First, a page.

A diet high in added sugars, especially from sugar-sweetened beverages, may increase belly fat. Most often, stick with water, unsweetened coffee/tea, and eating a diet rich in whole, minimally processed foods.
High alcohol consumption (greater than two drinks per day) is associated with weight gain and belly fat.
Artificial trans fats are strongly linked with poor heart health and may also lead to increased belly fat. Both the US and Canada have banned trans fats in commercial foods.
A sedentary lifestyle and physical inactivity are associated with a number of health risks, including weight gain and increased abdominal fat.
High protein intake is associated with lower abdominal fat and moderate body weight.
Natural hormonal changes during menopause result in a shift in fat storage from the hips and thighs to fat stored around the abdomen.
Changes in bacteria diversity in the gut may be associated with higher weight and visceral fat.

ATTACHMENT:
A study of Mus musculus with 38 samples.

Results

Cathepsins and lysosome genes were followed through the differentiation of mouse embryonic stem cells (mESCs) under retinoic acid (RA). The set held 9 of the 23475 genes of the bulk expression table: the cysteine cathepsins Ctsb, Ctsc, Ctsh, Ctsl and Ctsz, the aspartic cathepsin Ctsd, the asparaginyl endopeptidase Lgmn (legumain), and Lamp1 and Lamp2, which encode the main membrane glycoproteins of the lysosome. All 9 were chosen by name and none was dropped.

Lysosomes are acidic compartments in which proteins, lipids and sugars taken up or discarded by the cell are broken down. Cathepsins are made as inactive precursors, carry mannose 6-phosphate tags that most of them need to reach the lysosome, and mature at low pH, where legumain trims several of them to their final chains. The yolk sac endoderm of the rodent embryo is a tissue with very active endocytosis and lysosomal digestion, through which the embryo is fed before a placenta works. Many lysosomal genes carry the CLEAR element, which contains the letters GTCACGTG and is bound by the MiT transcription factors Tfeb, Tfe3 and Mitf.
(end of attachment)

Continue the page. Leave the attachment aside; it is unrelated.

The hormone cortisol, which is secreted in response to stress, may lead to increased abdominal fat when in excess. Practicing healthy lifestyle behaviors is a key component of managing chronic stress and keeping cortisol levels in check.
A diet that’s low in fiber and high in refined grains may increase risk for weight gain and higher levels of belly fat.
Though more research is needed, genetics may play a role in where we store fat in the body, including increased risk for abdominal fat accumulation.
Short sleep or low-quality sleep may lead to weight gain, including belly fat accumulation.